Posted: 12:05 PM, Feb 07, 2019
Updated: 2019-02-07 14:05:00-05

COLORADO SPRINGS – When Colorado Springs resident John Bess started experiencing shortness of breath and having mild chest pains in June of 2017, he knew it was time to visit a doctor.

John says, “Before surgery I couldn’t do 20 stairs in my house. I just couldn’t do it. I was out of breath.”

Dr. Kevin Shortt, a cardiothoracic surgeon with UCHealth Memorial Hospital Central, was one of the doctors involved in his care.  “I think the thing that bothered (John) him the most was that overall he felt like he couldn’t do what he used to do. He felt very fatigued and he really almost thought there was something wrong with him not physically, because all of a sudden he had things change so much.”

Dr. Shortt performed the open heart surgery to fix John’s problem.  “John had an aortic valve replacement with a 25 millimeter prosthetic aortic valve.  His surgery was very uneventful, and he was discharged in I think four or five days, and went home and then began to do the recuperative period.”

John says recovering from open heart surgery was a challenge.  “It’s not easy, I certainly don’t recommend it for everybody. Recovery is tough.  You have to force yourself to get up and go for a walk, even if that walk is walking around the elevator (at the hospital), or telling yourself, ‘today I’m walking down to the bottom of the driveway and back.’  I would take my little red pillow and I’m going to go for a walk. Then (the walk) it gets a little bit further and a little bit further. You have to force yourself to get up and get moving — that’s what’s going to make the difference.  Then all of a sudden a year later you look back and say, ‘Did that really happen?’ ”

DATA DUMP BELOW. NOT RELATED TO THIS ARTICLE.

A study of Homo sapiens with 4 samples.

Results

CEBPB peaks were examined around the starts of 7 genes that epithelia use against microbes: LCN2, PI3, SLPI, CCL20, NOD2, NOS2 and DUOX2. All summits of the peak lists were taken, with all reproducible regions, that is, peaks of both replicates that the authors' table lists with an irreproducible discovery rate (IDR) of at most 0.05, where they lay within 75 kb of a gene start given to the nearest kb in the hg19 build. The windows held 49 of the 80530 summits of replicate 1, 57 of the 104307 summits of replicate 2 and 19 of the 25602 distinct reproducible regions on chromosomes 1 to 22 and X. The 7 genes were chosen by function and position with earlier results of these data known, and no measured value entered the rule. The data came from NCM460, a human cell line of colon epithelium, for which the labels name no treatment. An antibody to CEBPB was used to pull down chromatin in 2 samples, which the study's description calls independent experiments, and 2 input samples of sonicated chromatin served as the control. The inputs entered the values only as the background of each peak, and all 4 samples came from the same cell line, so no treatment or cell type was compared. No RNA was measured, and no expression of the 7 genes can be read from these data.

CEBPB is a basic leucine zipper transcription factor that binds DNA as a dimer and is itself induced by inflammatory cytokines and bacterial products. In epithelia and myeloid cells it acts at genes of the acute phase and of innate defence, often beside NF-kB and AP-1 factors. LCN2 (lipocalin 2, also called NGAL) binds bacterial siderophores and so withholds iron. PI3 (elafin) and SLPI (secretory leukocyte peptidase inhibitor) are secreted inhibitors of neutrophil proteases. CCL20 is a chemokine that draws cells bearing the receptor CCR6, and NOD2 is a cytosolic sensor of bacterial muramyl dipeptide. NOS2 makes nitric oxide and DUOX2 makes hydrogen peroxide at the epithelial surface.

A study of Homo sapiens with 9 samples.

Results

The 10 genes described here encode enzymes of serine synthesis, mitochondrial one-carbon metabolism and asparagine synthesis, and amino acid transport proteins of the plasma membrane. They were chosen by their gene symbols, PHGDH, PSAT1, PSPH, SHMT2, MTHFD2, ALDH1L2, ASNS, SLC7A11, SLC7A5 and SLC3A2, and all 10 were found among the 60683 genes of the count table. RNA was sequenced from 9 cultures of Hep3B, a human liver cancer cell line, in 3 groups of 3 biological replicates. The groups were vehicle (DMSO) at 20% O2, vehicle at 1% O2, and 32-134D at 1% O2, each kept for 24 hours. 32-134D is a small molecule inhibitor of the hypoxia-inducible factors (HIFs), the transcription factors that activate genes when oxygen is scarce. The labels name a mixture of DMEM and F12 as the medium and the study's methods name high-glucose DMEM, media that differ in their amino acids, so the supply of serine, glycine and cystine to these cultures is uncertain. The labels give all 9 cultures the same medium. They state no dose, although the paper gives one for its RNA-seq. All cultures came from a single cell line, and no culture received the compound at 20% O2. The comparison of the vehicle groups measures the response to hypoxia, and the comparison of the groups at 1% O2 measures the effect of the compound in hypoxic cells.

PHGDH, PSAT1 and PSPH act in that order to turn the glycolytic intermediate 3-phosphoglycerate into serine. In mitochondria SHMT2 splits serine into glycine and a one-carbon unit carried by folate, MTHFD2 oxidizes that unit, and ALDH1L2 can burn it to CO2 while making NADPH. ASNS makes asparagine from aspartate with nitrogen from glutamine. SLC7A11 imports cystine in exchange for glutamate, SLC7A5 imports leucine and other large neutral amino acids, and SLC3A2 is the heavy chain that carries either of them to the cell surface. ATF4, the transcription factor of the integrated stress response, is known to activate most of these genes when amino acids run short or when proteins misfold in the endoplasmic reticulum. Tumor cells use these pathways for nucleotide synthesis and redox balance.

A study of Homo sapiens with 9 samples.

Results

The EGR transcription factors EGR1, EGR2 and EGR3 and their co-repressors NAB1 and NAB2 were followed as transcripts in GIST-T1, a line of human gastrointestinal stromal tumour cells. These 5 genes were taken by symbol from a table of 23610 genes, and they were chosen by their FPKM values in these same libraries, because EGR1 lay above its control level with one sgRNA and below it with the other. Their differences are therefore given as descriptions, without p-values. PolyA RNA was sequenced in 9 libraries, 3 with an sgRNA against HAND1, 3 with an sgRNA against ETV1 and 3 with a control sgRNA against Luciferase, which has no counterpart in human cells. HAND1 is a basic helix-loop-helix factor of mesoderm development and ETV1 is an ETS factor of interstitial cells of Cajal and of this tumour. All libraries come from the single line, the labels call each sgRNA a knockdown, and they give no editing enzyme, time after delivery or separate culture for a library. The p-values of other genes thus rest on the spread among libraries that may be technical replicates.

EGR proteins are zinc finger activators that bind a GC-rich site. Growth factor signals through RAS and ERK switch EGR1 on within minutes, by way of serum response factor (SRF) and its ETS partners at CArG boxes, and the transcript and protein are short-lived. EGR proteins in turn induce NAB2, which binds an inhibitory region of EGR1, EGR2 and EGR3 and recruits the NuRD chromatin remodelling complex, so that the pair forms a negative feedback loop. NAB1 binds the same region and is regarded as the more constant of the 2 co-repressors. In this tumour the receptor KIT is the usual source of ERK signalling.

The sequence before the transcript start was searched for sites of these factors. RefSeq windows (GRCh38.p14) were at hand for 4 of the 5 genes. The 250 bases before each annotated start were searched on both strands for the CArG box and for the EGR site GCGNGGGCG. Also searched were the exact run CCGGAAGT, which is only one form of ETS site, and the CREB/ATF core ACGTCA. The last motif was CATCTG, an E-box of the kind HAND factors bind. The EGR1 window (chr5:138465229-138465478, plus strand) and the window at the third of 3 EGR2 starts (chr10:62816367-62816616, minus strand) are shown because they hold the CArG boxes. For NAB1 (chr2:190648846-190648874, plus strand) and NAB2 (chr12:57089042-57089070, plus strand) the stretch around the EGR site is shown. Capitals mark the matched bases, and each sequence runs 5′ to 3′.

John says looking back, he knows not ignoring his symptoms was the key to being treated.  “I am so thankful that the with minor chest pain that I was having and the shortness of breath, that I actually listen to my body and said ‘something isn’t right.’  It seemed very mild and it could have easily been overlooked.”

With recovery now behind him, John is living each new day with gratitude.  “I went from not making it up those 12 stairs to getting out and walking and hiking now.  This summer I got to go to Haiti with my family on a medical mission trip where we walked five or six miles every day.  It (aortic valve replacement) didn’t just make a change in my life, It gave me my life back.”

Dr. Shortt explains, “Now that the valve has been replaced we can actually look at the echo and see that his left ventricle has come back down a little bit to more normal dimensions.  By replacing the valve and restoring normal function, his heart functions much better and (John) he’s returned to many of the activities that he used to be able to do. I know for a fact that he started skiing again.  He’s gone hiking again, and really returned to all the things that he enjoyed beforehand.”

Dr. Shortt feels that while the circumstances that led to Johns heart disease are rare, his case presents lessons we can all learn from.  “I guess if there’s any message it’s that patients need to be responsible for their own health. If you can’t do the things that you used to do, say six months ago, then that’s a big change and that means something has really changed within your body and should be investigated.”

For John, even though his heart problems were not a product of his life choices, he also hopes his story can be an example to everyone not to ignore the subtle signs of heart disease.  “I hope that I get one man to say, ‘I should listen to my body, maybe I should go get this checked out.’ That’s the one person that I want to touch. I can say everybody at UCHealth Memorial has been wonderful.  From the time I walked in to the time I walked out, the care has been wonderful. That made a huge difference not only for me but my family. My wife (Ami) is a flight nurse, and she understands the medical side of this and the biggest thing that  the doctors and all of the staff did for me was allow Ami to be my wife and not another medical provider. She didn’t have to worry about the care that I was getting, or if I was getting the right meds. She got to be my wife and that was a huge difference in my recovery.”